Sailfin snapperSJS

 
Symphorichthys spilurus
32.4 cm FL

Characteristic features:

  • Dorsal fins with 10 spines and 17–19 soft rays
  • Body deep
  • Head blunt
  • Adults and juveniles with one or more anterior dorsal-fin soft rays forming long filaments

Colour:

Adults yellowish with series of bright-blue stripes on sides and head, black spot on upper caudal peduncle, orange bars on nape and between eyes. Juveniles light brown above, whitish below with broad midlateral stripe passing through eye to caudal peduncle.

Size:

Up to 60 cm TL.

Distribution:

West Pacific in tropical and subtropical waters.

Habitat:

Over sandy bottoms near coral reefs, from 5 to at least 60 m depth.

Biology:

Feeds on fishes and sand dwelling crustaceans and molluscs. Usually solitary, but aggregate and form large schools for spawning purposes. Sailfin snapper have been observed in Palau to have two spawning seasons; spring and autumn.1 Spawning occurs at specific sites along seaward reef slopes on a full moon, and when currents are directed offshore.2 Maturity and maximum age of Sailfin snapper is unknown.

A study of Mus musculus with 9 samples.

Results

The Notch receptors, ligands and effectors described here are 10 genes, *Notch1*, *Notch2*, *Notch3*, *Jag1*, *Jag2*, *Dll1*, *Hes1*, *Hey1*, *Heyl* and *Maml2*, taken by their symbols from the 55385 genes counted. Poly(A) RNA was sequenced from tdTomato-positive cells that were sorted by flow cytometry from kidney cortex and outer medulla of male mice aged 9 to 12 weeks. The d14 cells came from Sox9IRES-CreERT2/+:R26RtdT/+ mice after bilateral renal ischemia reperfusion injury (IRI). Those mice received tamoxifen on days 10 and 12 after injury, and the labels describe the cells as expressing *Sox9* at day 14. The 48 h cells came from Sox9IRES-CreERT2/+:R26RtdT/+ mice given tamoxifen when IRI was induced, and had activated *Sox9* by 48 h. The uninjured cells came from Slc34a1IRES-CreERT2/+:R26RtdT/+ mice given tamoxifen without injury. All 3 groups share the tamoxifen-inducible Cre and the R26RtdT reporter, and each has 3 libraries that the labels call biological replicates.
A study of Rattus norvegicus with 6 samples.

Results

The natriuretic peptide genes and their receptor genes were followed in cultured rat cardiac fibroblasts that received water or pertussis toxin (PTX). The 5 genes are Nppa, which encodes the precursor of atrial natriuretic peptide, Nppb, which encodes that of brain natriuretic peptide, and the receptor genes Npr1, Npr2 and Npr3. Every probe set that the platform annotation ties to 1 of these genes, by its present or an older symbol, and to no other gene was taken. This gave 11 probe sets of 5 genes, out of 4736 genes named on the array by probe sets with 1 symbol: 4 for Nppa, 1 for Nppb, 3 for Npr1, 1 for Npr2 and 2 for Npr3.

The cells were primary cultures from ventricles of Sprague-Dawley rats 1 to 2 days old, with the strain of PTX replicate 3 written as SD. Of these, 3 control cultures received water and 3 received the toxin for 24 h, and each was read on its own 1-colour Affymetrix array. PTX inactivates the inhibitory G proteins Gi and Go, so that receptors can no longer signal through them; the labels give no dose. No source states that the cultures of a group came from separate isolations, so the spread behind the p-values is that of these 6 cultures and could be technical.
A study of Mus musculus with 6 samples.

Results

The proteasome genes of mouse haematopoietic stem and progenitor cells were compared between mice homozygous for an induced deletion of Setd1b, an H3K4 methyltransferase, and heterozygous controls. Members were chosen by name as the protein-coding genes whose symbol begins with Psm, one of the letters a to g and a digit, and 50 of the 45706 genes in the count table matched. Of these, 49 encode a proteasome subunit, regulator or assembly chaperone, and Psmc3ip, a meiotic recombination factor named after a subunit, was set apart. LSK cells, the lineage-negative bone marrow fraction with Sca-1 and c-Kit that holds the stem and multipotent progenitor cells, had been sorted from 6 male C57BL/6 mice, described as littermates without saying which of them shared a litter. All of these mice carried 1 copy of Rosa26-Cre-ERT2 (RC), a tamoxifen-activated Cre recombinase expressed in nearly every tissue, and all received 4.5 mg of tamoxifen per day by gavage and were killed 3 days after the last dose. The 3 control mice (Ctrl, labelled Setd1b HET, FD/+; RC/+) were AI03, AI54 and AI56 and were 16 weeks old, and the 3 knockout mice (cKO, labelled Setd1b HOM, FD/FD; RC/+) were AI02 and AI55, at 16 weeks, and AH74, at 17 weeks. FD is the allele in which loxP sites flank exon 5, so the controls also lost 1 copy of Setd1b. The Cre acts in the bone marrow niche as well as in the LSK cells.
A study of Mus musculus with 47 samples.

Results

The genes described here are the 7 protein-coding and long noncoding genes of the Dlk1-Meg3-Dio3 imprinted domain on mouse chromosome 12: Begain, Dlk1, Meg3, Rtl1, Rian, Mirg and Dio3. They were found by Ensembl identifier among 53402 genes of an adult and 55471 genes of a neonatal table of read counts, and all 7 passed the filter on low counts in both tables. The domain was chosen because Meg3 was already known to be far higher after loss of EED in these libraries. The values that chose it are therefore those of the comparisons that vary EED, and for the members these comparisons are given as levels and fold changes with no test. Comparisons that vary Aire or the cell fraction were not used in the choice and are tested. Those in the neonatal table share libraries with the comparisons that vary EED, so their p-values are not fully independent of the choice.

Fisheries:

Caught mainly with handlines and bottom trawls.

Similar species:

 
Symphorichthys nematophorus
Chinamanfish
Symphorus nematophorus
Symphorichthys nematophorus differs in having a moderately deep body (vs. very deep); head gently sloping (vs. blunt); dorsal-fin soft rays forming long filaments in juveniles only (vs. juveniles and adults) and no black spot on caudal peduncle (vs. black spot present).

External links:

FishBase
The IUCN Red List of Threatened SpeciesTM

References:

  1. 1.
    Sakaue J, Akino H, Endo M, Ida H, Asahida T. Temporal and Spatial Site Sharing during Spawning in Snappers Symphorichthys spilurus and Lutjanus bohar (Pisces: Perciformes: Lutjanidae) in Waters around Peleliu Island, Palau. Zoological Studies [Internet]. 2016;55(2016). Available from: https://doi.org/10.6620/ZS.2016.55-44
  2. 2.
    Sakaue J, Akino H, Ida H. The blue-lined sea bream—Symphorichthys spilurus. Reef fish spawning aggregations: Biology, research and management; 2011.